There is a vast diversity of indigenous peoples in Latin America. According to CEPAL (2006), there are approximately 642 indigenous groups in the region, with a population fluctuating between 30 and 50 million and growing. In many countries in the region, such as Bolivia and Guatemala, the indigenous are the majority of the population. In Mexico, although not the majority, there are approximately 11 million indigenous.
Indigenous peoples pre-date the States in which they live and, despite subjugation policies aimed at their destruction, they are still managing to uphold and rebuild their identity, language and culture, as well as their traditional social, legal and political systems, or a large part thereof. The continent’s history and very essence are rooted in the cultural and social foundations of these indigenous peoples.
Throughout history, indigenous peoples have developed different forms of resistance and currently, having gained strength, indigenous movements are reclaiming their land rights, respect for their cultural values, languages, customs and institutions and the right to decide their development priorities and how it will take shape. Indigenous movements in Latin America have grown markedly in recent decades and have increased their organisational capacity as political actors, demanding increasingly higher levels of participation.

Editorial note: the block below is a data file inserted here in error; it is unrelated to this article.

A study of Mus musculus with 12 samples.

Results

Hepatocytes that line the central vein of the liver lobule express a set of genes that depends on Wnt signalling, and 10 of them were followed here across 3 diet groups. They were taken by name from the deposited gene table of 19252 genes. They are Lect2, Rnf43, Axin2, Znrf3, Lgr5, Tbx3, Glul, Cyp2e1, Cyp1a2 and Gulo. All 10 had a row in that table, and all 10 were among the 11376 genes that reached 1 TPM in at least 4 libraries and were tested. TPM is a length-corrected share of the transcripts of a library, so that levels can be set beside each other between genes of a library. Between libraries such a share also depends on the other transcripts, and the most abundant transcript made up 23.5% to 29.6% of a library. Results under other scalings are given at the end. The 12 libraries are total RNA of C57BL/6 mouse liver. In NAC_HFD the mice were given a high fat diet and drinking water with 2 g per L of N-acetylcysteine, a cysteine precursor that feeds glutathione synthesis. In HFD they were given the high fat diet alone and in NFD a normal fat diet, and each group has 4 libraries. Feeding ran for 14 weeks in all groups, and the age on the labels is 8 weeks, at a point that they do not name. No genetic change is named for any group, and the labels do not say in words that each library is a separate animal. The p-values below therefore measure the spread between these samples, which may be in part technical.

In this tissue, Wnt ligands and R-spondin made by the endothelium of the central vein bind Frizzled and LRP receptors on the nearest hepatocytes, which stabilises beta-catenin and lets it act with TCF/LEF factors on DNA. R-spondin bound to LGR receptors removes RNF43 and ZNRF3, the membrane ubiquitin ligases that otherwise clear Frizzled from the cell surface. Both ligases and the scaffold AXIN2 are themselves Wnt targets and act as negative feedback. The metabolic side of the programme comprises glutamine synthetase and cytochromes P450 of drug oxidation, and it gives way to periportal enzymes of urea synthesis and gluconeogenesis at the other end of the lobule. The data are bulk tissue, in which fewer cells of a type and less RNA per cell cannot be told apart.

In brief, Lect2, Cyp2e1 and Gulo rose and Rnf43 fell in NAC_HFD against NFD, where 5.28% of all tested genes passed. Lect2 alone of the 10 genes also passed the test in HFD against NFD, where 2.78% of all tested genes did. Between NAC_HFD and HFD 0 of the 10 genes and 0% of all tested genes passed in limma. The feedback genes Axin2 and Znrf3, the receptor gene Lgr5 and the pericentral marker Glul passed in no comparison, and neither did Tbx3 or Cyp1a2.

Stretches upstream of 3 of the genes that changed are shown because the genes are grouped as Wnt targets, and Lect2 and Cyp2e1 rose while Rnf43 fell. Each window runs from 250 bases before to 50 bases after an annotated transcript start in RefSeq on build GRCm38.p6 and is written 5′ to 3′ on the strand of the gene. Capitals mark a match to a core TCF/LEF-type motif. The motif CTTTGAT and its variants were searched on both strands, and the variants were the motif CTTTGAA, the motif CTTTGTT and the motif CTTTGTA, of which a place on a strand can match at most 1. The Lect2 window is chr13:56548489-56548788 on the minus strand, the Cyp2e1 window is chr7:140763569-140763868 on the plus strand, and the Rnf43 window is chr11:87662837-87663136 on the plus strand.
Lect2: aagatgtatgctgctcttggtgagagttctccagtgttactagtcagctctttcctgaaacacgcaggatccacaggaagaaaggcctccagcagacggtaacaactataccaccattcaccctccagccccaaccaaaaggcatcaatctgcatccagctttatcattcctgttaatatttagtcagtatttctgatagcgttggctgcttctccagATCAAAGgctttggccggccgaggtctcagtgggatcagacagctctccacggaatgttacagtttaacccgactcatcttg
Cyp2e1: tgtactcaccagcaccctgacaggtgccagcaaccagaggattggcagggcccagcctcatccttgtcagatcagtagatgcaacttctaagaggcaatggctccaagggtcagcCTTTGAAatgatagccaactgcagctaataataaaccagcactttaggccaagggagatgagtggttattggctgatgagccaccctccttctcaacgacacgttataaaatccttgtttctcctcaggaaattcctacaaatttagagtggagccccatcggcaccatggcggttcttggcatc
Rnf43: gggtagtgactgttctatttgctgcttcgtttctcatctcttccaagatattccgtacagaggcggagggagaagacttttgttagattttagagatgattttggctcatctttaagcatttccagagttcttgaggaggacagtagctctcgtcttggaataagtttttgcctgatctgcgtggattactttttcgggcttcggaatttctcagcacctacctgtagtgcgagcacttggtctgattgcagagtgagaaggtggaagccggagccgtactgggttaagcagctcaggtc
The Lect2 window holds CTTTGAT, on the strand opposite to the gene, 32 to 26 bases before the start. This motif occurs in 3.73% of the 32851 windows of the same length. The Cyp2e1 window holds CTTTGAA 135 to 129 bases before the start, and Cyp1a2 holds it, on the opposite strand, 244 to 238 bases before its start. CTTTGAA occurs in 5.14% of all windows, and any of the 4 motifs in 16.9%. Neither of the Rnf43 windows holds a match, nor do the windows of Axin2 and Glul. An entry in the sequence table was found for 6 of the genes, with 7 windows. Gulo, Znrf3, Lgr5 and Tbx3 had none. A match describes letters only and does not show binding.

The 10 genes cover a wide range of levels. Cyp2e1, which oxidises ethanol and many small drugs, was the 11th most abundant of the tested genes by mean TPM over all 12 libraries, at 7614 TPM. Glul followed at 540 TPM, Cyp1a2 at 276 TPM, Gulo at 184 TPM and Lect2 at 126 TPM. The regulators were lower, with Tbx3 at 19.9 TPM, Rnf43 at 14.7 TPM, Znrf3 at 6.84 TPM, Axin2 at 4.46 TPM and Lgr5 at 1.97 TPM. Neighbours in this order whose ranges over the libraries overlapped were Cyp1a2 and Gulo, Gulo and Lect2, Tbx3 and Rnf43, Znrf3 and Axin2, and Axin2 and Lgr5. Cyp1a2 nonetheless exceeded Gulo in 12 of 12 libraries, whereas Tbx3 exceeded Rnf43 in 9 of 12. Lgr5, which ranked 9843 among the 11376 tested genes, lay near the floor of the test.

There have been significant changes in the recognition of legal rights. A dozen Latin American countries have ratified ILO Convention No. 169 (Argentina, Bolivia, Brazil, Colombia, Costa Rica, Ecuador, Guatemala, Honduras, Mexico, Paraguay, Peru and Venezuela), and almost all party States have carried out constitutional and legislative reforms that, in one way or another, include provisions on indigenous peoples. Furthermore, public programmes and policies to improve the situation of indigenous peoples have been developed and carried out in many of these countries. Nonetheless, the region still faces major hurdles in the implementation of the Convention, which guarantees the participation of indigenous peoples and the effective enjoyment of the rights recognised in the Convention.